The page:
Imagine a house. To have it running steadily, there should be a good foundation, building blocks, proper infrastructure, good furniture, designs, and usability functions. In web development, the front-end developer is somewhere in between the processes as he takes the ideas from the UI\UX team to turn them into clickable websites that work. Back-end developers, PMs, and QAs take care of the other vital parts, such as proper foundation, team and project management, and testing.
So there's actually a front-end and back-end. We won't say which one is easier. Let's just leave one picture here for your understanding.
Basic front-end development glossary
In front-end web development, there are vital terms you should know. We bet you've heard most of them, so let's just keep them handy in the list below.
Programming languages or codes
For example, HTML
In development, you need to speak a language everyone understands — your machine, your code compiler, your user, and your project manager. Below are just a couple of languages we use in the front-end. They look different to everyone, but mean the same and help achieve the result — have the webpage ready and running.
HTML, or HyperText Markup Language, is the code developers use to structure a webpage. Remember seeing a webpage made up of blocks, paragraphs, or tables? HTML helps with that. It originates from a code developed by WHATWG some 30 years ago, in 1993.
Front-end development tools
Git, Google Fonts, W3C, and more
Compilers, linkers, code editors are essential for every front-end developer. These are basic tools that you will use in your daily routine — as home technicians use multitools for repairing the leakage, for example.
To name a few, there are Google Fonts to help you work with fonts, W3C Markup Validation Service to validate your code, and many more.
Version control tools are also part of the list here, used for monitoring changes to your code. We guess you strive to make your code better and better each time. Hence, version controls will help manage the evolution of your code as it becomes clearer and more effective. Git is the most popular, and it's open and free of charge.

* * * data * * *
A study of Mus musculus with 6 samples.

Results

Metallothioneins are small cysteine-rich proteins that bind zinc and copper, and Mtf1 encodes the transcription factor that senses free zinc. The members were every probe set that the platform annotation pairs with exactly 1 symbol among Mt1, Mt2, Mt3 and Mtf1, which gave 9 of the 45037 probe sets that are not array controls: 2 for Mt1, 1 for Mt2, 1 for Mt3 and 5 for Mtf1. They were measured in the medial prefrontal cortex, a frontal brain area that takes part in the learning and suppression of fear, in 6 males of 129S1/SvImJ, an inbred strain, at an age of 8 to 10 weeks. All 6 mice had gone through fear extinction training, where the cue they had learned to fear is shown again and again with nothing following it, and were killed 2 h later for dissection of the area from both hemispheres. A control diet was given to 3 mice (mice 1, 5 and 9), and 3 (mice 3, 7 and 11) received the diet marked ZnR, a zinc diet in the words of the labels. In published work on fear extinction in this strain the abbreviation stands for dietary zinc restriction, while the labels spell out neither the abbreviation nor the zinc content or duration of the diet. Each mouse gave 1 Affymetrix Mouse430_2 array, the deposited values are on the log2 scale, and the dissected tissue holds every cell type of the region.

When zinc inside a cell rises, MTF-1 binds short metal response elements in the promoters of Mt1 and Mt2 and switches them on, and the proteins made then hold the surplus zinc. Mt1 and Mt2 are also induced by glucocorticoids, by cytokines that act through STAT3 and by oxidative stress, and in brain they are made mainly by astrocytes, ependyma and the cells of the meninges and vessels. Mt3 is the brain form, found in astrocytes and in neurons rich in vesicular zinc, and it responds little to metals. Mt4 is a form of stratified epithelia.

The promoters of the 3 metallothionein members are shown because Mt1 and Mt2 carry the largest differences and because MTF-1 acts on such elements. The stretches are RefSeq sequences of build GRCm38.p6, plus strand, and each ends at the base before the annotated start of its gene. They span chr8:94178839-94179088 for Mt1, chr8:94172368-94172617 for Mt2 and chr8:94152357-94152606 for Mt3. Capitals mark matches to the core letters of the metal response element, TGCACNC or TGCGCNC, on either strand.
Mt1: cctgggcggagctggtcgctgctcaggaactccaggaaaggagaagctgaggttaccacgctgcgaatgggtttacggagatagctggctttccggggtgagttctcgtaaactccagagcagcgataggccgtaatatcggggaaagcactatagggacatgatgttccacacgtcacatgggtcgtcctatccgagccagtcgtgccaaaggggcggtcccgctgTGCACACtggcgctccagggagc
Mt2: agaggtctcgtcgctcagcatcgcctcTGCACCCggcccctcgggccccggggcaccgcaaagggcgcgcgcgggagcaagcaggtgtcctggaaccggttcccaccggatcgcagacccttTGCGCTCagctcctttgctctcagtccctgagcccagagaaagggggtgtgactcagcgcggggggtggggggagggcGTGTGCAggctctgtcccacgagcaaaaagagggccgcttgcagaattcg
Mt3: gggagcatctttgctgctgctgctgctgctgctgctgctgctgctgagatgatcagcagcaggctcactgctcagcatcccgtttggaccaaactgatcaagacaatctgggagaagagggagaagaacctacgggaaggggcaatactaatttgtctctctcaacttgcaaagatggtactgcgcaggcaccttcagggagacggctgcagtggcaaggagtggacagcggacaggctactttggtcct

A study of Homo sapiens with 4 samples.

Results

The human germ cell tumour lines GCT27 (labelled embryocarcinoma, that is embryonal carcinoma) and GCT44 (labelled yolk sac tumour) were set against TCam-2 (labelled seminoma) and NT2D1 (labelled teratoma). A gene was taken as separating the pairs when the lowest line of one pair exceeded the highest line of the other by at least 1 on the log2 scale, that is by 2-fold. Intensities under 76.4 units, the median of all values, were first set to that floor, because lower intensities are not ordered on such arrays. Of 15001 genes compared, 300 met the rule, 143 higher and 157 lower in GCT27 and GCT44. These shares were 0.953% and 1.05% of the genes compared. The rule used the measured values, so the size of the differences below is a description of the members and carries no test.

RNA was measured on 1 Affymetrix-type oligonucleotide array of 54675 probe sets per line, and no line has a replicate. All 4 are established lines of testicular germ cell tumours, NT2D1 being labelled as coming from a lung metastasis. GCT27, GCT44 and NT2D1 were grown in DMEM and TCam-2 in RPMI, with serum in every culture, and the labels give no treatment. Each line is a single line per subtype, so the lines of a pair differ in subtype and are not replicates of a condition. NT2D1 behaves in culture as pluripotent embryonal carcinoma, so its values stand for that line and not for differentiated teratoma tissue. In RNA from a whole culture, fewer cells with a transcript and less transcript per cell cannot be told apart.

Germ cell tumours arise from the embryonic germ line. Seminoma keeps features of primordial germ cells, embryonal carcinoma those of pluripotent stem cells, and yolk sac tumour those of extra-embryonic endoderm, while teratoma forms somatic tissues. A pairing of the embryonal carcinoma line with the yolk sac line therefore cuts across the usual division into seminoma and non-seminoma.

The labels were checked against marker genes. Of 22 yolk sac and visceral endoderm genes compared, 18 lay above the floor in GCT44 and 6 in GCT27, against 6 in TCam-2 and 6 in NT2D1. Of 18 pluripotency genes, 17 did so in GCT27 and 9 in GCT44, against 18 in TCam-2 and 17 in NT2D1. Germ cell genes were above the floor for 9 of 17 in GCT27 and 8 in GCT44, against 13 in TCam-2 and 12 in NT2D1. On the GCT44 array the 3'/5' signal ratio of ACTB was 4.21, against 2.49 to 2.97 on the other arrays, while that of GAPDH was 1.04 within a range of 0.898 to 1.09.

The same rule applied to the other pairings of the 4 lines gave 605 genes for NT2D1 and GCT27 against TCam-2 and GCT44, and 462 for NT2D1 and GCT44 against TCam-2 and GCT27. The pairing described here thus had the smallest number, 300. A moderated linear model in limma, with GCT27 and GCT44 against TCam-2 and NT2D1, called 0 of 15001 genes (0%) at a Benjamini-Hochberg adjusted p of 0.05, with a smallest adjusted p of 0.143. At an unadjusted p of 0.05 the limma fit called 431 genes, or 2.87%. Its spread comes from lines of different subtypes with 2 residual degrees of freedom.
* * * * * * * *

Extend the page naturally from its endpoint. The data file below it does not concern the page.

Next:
Design principles in front-end
In front-end development, we use responsive design to ensure our content fits every (or almost every) gadget and looks good on it. Recall how you open a webpage on your iPhone, reopen it on your laptop, and send it to granny's email — and it still looks good on your grandparents' old-fashioned computer? That's responsive design in action.
Design automatically adapts to given dimensions, so all users feel comfortable interacting with the content. The feeling is the key here — because the front-end is mostly about what the user feels while using your web piece.
CSS, closely connected to HTML, is a code used actually to style an HTML doc. It has everything to do with the colors, styles, and other properties.
Looks quite interesting, huh? Now that you're familiar with the basic front-end development glossary, it's high time to learn the front-end. We hope you find this glossary helpful, no matter which tech direction you will choose. Keep it in your saved links to come back once in a while.